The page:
We can't help but wonder if Harvey's even seen "Butter."
Harvey Weinstein unveiled the upcoming political satire "Butter" at the Toronto Film Festival Monday night, but before the curtain rose, he sent Olivia Wilde out on stage to make a special announcement, inviting Rep. Michele Bachmann to the film's premiere later this year, reported 24 Frames:
"I know Michele will already be in Iowa for the caucus, so we can save some money on airfare and travel. I would of course be more than happy to fly in the other leading members of the 'tea party' movement to make an entire day of it. We could take some math classes in the morning to help balance the budget, brush up on the Constitution in the afternoon, play some ping-pong and then maybe some verbal ping-pong on gay rights and women's rights (especially the right to choose).
"But at night we can all go hand-in-hand to the premiere of 'Butter,' a fun and important film where we'll share some popcorn and laughs. These are the kind of bipartisan efforts that make America great. I look forward to hearing from Michele and I'm particularly looking forward to those classes on the Constitution. All my best, Harvey."
THE MICHELE BACHMANN HAIR TREND
We love Harvey, but he's a notorious promoter, taking every opportunity to make as big a fuss as he can to get his films extra press, so we kind of hate ourselves for paying attention to this outburst, but we find it odd, nay, disingenuous for him to bait/mock Bachmann by inviting her to a film that is a satirical take on the race for the 2008 Democratic presidential nomination.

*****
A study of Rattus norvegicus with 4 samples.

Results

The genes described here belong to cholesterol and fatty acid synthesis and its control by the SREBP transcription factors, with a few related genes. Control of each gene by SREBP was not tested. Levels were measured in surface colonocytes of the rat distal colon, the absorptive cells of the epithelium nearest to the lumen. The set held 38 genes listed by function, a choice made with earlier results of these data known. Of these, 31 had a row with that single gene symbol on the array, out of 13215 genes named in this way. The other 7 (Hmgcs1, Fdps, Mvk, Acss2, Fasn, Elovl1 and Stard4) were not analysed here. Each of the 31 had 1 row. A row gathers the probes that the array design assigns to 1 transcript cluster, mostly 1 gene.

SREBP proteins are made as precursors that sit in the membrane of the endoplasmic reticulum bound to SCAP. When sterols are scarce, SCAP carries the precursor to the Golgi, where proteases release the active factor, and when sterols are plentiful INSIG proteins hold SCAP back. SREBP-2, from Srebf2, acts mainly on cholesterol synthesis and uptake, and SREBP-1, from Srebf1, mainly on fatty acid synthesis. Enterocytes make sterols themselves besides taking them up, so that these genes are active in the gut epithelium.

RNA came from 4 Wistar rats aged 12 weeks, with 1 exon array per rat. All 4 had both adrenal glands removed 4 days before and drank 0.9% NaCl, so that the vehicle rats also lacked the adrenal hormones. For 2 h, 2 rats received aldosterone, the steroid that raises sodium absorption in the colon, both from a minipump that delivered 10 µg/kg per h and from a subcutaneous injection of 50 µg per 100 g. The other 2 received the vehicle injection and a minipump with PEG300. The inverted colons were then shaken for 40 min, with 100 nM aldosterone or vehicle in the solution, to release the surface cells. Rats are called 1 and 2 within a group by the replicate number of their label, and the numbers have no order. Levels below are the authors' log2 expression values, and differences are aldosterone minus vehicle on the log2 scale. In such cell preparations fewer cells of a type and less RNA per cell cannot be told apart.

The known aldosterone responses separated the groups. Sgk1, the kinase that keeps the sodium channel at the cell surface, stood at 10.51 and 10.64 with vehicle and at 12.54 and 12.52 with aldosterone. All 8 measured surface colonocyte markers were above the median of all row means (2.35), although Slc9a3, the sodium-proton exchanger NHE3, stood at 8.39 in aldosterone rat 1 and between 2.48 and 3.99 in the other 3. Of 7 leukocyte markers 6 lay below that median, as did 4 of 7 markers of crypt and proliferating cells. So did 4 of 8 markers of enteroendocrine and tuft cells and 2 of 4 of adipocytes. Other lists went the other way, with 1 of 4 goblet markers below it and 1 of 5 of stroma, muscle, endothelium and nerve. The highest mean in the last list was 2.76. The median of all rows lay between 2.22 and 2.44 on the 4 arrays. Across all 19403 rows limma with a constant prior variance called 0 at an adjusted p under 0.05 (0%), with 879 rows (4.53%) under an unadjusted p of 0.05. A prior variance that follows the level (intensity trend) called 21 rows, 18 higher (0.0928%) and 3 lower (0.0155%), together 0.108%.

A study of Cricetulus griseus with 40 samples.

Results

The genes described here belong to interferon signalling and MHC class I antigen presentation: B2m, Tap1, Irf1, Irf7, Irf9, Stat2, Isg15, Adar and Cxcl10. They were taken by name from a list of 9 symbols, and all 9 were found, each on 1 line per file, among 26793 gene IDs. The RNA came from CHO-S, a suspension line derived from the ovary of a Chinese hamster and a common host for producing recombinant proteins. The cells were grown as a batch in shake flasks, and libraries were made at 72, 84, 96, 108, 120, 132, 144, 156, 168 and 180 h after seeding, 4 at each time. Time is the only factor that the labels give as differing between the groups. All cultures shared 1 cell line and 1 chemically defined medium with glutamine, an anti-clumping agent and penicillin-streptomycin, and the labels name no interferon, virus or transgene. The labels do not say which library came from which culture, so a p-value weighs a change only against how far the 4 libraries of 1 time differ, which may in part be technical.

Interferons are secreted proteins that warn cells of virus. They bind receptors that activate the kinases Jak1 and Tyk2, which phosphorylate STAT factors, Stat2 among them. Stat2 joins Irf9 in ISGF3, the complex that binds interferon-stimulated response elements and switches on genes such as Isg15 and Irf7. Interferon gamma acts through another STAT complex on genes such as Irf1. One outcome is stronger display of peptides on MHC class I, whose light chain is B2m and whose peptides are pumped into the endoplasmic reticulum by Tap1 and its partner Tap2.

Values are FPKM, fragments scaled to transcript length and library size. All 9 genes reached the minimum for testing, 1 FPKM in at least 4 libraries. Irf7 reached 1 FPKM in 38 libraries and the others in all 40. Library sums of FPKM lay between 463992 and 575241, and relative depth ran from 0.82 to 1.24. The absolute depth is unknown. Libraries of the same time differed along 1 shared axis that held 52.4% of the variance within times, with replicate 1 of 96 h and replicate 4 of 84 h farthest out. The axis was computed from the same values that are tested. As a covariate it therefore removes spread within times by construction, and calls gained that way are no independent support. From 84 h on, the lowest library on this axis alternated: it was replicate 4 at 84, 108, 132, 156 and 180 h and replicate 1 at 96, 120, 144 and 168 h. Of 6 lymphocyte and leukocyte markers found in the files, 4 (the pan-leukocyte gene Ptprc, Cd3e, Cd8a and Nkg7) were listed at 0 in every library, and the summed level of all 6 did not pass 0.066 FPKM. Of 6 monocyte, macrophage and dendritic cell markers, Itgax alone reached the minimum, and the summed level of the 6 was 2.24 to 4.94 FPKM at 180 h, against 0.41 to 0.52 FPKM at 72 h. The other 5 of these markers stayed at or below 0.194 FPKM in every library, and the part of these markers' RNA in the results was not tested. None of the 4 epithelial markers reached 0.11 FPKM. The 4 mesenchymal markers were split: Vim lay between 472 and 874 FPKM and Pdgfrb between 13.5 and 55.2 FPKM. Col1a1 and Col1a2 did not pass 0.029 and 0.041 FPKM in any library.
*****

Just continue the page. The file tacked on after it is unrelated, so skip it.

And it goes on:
"Butter" tells the story of a young black girl (played by Yara Shahidi) who discovers she has a gift for carving butter, and finds herself in a showdown for the championship with a woman (played by Jennifer Garner) whose husband (played by Ty Burrell) is the former title holder.
“When you start to peel away the layers of the movie, you realize that there’s a lot of political metaphor to the movie,” director Jim Field Smith recently explained to EW. “Bill Clinton was this much-loved president, who maybe was not so discreet with his sexual love, and Hillary stood in the shadows very quietly supporting him. After his two terms were up, there was a sense of Hillary saying, ‘My turn now.’
“And then, the year she runs for president, Barack Obama, this young upstart, comes along, and there’s a sense of Hillary being like, ‘Really?’ That was very much the metaphor that (screenwriter) Jason Micallef was aiming for when he wrote the script originally. Obviously, there’s some fairly unsubtle links to the fact that the movie is set in Iowa.”
"Butter" comes out Oct. 21, and we're stoked for it, even if it makes fun of jackasses and not elephants.